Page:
2005 has witnessed the initiation of a range of significant sustainable transport projects in Latin America.
Mexico and Central America
Metrobus, Mexico City’s Bus Rapid Transit system on the highly congested Insurgentes Avenue, was launched in June 2005 and, despite some operational struggles at the beginning, has improved its operations in subsequent months. ITDP provided technical assistance to Metrobus on pedestrian and bicycle integration, and operations management training was provided by the landmark TransMilenio Bus Rapid Transit system in Bogotá.
However, public investment in costly double-decker highways for cars continues in Mexico City, and the new mayor, Alejandro Encinas, is debating whether to expand the Metrobus system.
Beyond Mexico City, the Optibus BRT in León has overcome the challenges that surfaced during its first two years of operation and is currently moving 220,000 passengers a day. ITDP will be working with Optibus to develop a financing plan for the system’s expansion.
Plans for the BRT system in the State of Mexico were halted, but following a visit to Bogotá and a meeting with former mayor Enrique Peñalosa, the new governor, Enrique Peña, indicated that the project will be continued as a high priority for his six-year mandate.
Other cities in Mexico that are actively planning or interested in implementing Bus Rapid Transit systems are Querétaro, Aguascalientes, Chihuahua, Guadalajara, Monterrey, Puebla and Torreón.
In Central America, as a result of Enrique Peñalosa’s guidance, the Dominican Republic and the city government of Santo Domingo have shelved their subway project, and are considering a more affordable, appropriately designed system. In Panama City, the debate continues about implementing a light rail or bus rapid transit system even though the financial analysis shows that under a reasonable fare structure a light rail system would be too expensive to operate.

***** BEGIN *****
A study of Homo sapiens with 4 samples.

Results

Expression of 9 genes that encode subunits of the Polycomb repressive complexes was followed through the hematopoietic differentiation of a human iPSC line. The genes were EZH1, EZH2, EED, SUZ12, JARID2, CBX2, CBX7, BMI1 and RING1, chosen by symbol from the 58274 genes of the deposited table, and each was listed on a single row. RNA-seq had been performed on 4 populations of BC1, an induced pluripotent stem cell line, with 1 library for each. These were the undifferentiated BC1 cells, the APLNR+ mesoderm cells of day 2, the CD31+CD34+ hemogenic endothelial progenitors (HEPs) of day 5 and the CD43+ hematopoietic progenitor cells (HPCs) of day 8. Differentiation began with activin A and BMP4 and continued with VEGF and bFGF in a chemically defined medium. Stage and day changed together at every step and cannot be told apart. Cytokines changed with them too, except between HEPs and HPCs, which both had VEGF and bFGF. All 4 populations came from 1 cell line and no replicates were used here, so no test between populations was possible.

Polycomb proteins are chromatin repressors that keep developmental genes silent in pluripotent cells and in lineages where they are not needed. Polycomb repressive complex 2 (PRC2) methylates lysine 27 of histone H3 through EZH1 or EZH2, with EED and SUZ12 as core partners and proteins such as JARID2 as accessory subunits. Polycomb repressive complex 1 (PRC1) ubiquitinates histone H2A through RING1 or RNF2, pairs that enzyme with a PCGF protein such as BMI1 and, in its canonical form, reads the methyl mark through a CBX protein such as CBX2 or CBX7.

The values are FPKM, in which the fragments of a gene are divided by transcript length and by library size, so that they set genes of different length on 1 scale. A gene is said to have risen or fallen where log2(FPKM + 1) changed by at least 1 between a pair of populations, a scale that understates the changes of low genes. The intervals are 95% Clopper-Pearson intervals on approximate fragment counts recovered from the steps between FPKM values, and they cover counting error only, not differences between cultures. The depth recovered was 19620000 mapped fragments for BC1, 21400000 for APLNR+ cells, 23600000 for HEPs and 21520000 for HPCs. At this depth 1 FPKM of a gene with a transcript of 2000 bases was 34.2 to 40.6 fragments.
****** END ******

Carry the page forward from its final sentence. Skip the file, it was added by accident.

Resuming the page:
In Guatemala City, a BRT project has been green lighted and the city is enjoying new sidewalks in an effort to create more pedestrian-friendly spaces.
Besides Bogotá’s TransMilenio expansion, four Colombian cities (Barranquilla, Cali, Cartagena and Pereira) are in the construction stage or will be starting construction in 2005, and three more (Bucaramanga, Medellín and Soacha) will start building the infrastructure in 2006.
ITDP is working on the TransCaribe BRT in Cartagena thanks to a Global Environmental Facility (GEF) grant through the United Nations Development Programme (UNDP). ITDP is supporting the project in three key aspects – operational design, institutional capacity bu ilding and public space and bike integration to the system.
In Ecuador, Quito, with its trolley bus and its integration with the new BRT corridor Ecovía, continues to be a model for other developing country cities. Guayaquil will start operating its BRT in February 2006. Guayaquil mayor Jaime Nebot is also developing projects that include a beautiful walkway along the waterfront, public space recuperation and urban revitalization in poor neighborhoods.
In Sao Paulo, Brazil a pilot project funded by a GEF grant through the World Bank aims to reduce greenhouse emissions from urban transport and to promote a modal shift to more efficient and less polluting forms of transport, such as bicycling. ITDP is part of the team working on the bicycle network. ITDP will also be assisting in addressing problems resulting from competition among pedestrians, street vendors, and car traffic in the Celso García corridor.
A new entity has been created, SUSTRAN LAC (Sustainable Transport for Latin America and the Caribbean), an NGO that encourages mutual cooperation among the different organizations in the region. SUSTRAN LAC is supported by a consortium of NGOs that include ITDP, I-CE (the Netherlands), and GTZ (Germany). The official launch will take place during Velo Mondial 2006 in Cape Town, South Africa.
Latin America is growing rapidly and there is a great opportunity for its cities to become more environmentally sustainable and socially equitable. However, authorities should pay closer attention to the suburban development that continues at a brisk pace and represents a significant threat to the sustainability of cities across the region.
This suburban growth is facilitated by highway construction, and many Latin American cities continue to build urban highways in an attempt to reduce congestion. If left unchecked, this process could result in a disastrous long-term trend of continued auto emissions, traffic fatalities, and the social disintegration of communities.